Child riding lessons

noblesteed

He loved his ride, he sat beautifully and relaxed. He has been beaming about it ever since!
So what next? I (and instructor) think he's too little yet for group lessons. Will it be ok just to take him for a plod once or twice a month til he's a bit older, then let him join group lessons on LR?
If he's still keen after a year or so I will be happy to get him a little pony but I'd rather see if he's keen first.
What have other people done?
 

be positive

In theory he should be able to develop his riding far better and faster than in a group, the only benefit for him from being in a group is that he will possibly have more fun, the benefit for the RS is more income, I would expect him to have a lesson not a plod if that is what you are paying for.
 

annagain


Ultimately though, once they've got the basics, regular practice is what they need (this is where my nieces are struggling to move on). I'd get him some private lessons to begin with - maybe even as often as once a week to start. Then, once he's got the basics see if you can find a share pony a day or two a week to practice on and tail the lessons off until he's old enough for the (cheaper) group lessons that will help him move on to the next level.
 

buddylove

 

Peregrine Falcon

 

GirlFriday

Is that the only riding they are doing or do they practice in between? I'd be quite happy with that if it is only RS I think!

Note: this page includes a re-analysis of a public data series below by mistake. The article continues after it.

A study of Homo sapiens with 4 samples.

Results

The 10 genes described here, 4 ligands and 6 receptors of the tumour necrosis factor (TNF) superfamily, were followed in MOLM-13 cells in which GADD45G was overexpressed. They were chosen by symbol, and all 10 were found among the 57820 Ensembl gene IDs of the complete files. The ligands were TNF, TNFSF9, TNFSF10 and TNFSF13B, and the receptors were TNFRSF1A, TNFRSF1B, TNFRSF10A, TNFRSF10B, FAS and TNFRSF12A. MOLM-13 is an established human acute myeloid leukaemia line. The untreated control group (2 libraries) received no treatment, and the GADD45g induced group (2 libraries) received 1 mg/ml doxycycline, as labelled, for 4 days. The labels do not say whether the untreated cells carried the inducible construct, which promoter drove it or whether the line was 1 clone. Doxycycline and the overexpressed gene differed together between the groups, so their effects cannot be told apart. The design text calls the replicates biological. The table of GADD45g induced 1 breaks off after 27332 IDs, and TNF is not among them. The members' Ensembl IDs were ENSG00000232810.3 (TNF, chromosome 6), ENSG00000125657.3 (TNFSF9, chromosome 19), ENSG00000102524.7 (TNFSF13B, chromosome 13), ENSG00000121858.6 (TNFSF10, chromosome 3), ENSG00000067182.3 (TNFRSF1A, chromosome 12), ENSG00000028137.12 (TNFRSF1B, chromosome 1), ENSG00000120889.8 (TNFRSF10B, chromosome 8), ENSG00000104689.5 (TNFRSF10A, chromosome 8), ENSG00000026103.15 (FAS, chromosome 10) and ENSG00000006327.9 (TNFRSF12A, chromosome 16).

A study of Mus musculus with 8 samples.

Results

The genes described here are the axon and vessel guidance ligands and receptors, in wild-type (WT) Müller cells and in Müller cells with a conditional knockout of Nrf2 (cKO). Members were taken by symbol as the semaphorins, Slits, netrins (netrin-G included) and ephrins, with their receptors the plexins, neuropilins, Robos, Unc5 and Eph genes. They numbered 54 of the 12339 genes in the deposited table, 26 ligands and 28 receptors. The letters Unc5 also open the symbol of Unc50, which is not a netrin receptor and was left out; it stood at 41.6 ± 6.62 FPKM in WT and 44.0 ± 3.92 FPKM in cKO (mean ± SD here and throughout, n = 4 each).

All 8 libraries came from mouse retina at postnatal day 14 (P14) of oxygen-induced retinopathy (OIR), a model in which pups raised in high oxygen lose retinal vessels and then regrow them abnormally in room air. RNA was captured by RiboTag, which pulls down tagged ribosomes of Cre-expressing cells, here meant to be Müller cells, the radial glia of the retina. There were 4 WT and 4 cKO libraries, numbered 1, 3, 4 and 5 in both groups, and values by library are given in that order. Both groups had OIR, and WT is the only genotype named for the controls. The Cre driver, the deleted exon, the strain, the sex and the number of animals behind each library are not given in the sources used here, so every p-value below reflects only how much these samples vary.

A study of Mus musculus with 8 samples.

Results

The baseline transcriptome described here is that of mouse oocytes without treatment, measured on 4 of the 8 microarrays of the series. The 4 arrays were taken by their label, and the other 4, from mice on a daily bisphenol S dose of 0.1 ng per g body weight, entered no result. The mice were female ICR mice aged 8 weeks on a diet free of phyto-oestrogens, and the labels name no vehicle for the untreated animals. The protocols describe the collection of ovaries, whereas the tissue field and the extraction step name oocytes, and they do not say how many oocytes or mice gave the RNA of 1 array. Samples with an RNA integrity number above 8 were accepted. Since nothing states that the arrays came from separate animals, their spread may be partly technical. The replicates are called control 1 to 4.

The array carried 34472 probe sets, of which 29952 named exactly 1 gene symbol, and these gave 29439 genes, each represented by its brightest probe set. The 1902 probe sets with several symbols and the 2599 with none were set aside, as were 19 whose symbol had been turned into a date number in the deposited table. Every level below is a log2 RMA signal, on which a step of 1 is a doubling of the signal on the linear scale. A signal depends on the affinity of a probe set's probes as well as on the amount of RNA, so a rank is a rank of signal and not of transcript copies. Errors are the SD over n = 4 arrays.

buddylove

Pretty much only ride in lessons at the moment. They have a Shetland at home which they only really mooch about on for 5 minutes then get off and go and do something else!
Their sec a has just been backed so they will be required to do a bit more work at home from now on!!
 

DaisyMoo

 

blitznbobs

TO be honest it sounds like the instructor just doesn't want to teach a small child. The riding school I stabled at a few years ago always did a lead rein lesson every Saturday for children over 3 and advertised this fact on their website. The yard helpers would lead the ponies, or the parents of they were horsey parents, and the instructor would stand in the middle and "teach". The view was that the younger the better and if they fall off tend to bounce and find it quite fun. Maybe try another riding school that will cater more for younger lead rein riders as it would be better to have a small child confined on a school with other little kinds and ponies than out on the roads with idiot drivers.
Agree my 5 year old has group lessons, he plays the fool and doesn't do as he is told but his balance is improving and he is totally confident around the ponies now which is why I made him have lessons in the first place... what amazed me about his group lessons is that they are all boys (my 2 and 2 others) when I was a kid a boy on a ride was an endangered species!